Arvicoline Biodiversity and Biogeography

With no fewer than 13 species, the overall diversity of arvicoline rodents within Porcupine Cave exceeds that of any other North American locality. Moreover, arvicoline diversity within discrete stratigraphic horizons in some localities within the cave (e.g., Pit, level 4, with at least nine species) presents a unique example not only of taxonomic diversity, but also of species associations. Perhaps most notable in this regard is the stratigraphic co-occurrence of AHophaiomys with at least three of its purported descendants (Microtus sp. with five closed triangles, M. paroperarius, and M. meadensis). This stratigraphic co-occurrence is seen in the Pit (level 4) and in the CM Velvet Room excavation (level 3) and provides an interesting challenge to the purported ancestor-descendant relationship between these taxa. Perhaps the simplest explanation is that AHophaiomys persisted for a longer period of time in the higher elevations of Colorado than in the Great Plains, where most of the fossil occurrences are known. This refugium hypothesis should be tested in other relatively high-elevation localities (when they are identified and excavated). The recognition of significant taxonomic differences in contemporaneous faunas at high- and midlatitude localities through the Pliocene and Pleistocene clearly demands independent biochronologies for high-latitude sites (Bell et al., in press); in view of this, region-specific arvicoline biochronologies may well be required for high mountain sites as well (Bell and Barnosky, 2000).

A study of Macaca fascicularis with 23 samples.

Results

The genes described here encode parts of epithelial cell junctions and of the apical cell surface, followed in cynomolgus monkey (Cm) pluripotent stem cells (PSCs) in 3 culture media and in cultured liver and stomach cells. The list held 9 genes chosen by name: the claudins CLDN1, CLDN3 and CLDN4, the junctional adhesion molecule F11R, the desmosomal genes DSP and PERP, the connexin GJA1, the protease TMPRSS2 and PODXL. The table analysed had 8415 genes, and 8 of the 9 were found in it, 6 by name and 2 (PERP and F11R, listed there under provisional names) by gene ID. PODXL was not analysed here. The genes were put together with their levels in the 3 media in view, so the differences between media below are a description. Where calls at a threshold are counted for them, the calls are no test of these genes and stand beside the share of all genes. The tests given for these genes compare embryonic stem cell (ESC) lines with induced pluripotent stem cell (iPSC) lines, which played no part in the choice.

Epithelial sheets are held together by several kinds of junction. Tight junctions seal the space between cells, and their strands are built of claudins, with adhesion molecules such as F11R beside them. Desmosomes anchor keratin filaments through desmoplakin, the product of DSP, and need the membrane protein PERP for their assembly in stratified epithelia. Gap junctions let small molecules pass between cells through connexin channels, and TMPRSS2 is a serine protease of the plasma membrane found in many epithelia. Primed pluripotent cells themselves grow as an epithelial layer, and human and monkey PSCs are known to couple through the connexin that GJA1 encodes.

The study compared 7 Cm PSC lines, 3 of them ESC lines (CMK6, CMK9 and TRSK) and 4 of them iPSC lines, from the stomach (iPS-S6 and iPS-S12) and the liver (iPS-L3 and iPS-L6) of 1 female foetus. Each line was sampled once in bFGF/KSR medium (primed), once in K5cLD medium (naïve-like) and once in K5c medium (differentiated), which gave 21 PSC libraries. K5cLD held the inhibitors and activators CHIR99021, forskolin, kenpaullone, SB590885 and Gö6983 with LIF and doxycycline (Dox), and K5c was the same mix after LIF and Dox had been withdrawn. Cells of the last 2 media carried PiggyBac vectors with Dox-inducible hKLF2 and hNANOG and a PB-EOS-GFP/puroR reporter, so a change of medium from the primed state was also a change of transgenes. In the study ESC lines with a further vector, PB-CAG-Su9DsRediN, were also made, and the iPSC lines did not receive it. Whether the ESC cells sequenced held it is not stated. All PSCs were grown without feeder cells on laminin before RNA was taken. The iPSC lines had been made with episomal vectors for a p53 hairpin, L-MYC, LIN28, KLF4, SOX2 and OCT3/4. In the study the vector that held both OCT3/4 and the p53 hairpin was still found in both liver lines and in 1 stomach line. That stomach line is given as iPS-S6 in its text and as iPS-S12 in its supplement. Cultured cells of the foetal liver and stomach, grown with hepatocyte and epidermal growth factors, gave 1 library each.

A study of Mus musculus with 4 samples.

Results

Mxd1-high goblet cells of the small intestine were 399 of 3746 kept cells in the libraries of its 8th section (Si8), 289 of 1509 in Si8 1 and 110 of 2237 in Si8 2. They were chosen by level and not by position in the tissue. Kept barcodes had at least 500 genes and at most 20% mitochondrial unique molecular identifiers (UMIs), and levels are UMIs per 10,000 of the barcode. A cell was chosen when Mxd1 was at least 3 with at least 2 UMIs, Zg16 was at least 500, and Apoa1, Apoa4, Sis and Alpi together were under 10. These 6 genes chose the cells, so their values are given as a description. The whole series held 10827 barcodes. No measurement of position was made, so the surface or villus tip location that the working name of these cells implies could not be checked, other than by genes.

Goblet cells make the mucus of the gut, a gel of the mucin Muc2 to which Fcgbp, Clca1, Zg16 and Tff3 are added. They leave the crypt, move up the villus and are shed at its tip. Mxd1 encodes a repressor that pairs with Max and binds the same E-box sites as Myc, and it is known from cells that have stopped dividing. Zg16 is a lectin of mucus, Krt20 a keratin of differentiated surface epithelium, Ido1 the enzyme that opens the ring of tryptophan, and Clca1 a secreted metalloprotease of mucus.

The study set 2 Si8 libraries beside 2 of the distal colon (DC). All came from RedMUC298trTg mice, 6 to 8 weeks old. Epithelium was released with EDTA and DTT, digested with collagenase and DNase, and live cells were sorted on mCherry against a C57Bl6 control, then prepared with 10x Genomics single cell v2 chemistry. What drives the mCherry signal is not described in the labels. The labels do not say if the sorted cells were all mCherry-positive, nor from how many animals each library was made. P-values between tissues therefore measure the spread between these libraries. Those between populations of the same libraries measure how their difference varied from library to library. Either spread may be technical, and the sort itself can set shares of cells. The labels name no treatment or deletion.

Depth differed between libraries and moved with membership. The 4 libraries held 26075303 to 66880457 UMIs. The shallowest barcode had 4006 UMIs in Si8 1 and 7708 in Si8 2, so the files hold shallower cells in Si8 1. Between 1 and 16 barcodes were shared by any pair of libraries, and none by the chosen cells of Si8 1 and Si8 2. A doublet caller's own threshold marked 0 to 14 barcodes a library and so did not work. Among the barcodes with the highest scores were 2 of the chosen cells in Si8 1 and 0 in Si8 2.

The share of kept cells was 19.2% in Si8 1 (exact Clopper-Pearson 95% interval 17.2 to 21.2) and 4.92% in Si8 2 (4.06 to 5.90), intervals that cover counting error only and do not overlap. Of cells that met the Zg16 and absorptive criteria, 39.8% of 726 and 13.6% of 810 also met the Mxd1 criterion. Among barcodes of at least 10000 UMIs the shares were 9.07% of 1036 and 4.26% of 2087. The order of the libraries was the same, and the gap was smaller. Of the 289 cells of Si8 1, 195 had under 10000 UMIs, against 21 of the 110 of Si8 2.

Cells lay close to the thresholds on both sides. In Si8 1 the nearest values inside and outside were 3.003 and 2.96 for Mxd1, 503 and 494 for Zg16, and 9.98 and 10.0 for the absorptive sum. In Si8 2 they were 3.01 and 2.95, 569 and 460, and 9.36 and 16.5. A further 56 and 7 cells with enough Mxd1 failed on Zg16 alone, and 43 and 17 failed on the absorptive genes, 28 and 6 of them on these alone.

Faunal provinciality along longitudinal gradients is difficult to document for early through middle Pleistocene faunas, in part because of the relative paucity of faunas of an appropriate age throughout much of North America. The Rocky Mountains have long been recognized to be a significant boundary between arvicoline rodent faunas in North America, and beginning in the 1980s Repenning and his colleagues began to discuss the separate arvicoline faunal histories east and west of the Rockies (e.g., Repenning, 1987, 1992; Repenning et al., 1995). Formal recognition of an Eastern United States Faunal Province and a Western United States Faunal Province was proposed by Fejfar and Repenning (1992); the proposal was based primarily on arvicoline rodent faunal histories. The Porcupine Cave faunas are uniquely situated in a high-elevation intermontane basin in the central Rockies and thus provide important insight into faunal dynamics across this significant boundary in the middle Pleistocene. Prior to their discovery in Porcupine Cave, Microtus paroperarius and AHophaiomyspliocaenicus were not known to occur west of the

Great Plains. Their discovery in Porcupine Cave was followed by additional discoveries of both taxa in Utah (Gillette et al., 1999) and Nevada (Bell, 1995; Bell and Barnosky, 2000), thus lessening the differences between eastern and western U.S. arvicoline faunas in the Irvingtonian. The recognition of Pliolemmus antiquus in the Mark's Sink locality of Porcupine Cave also represents a significant westward range extension (and a significant elevational extension) of an arvicoline previously known only from the Great Plains.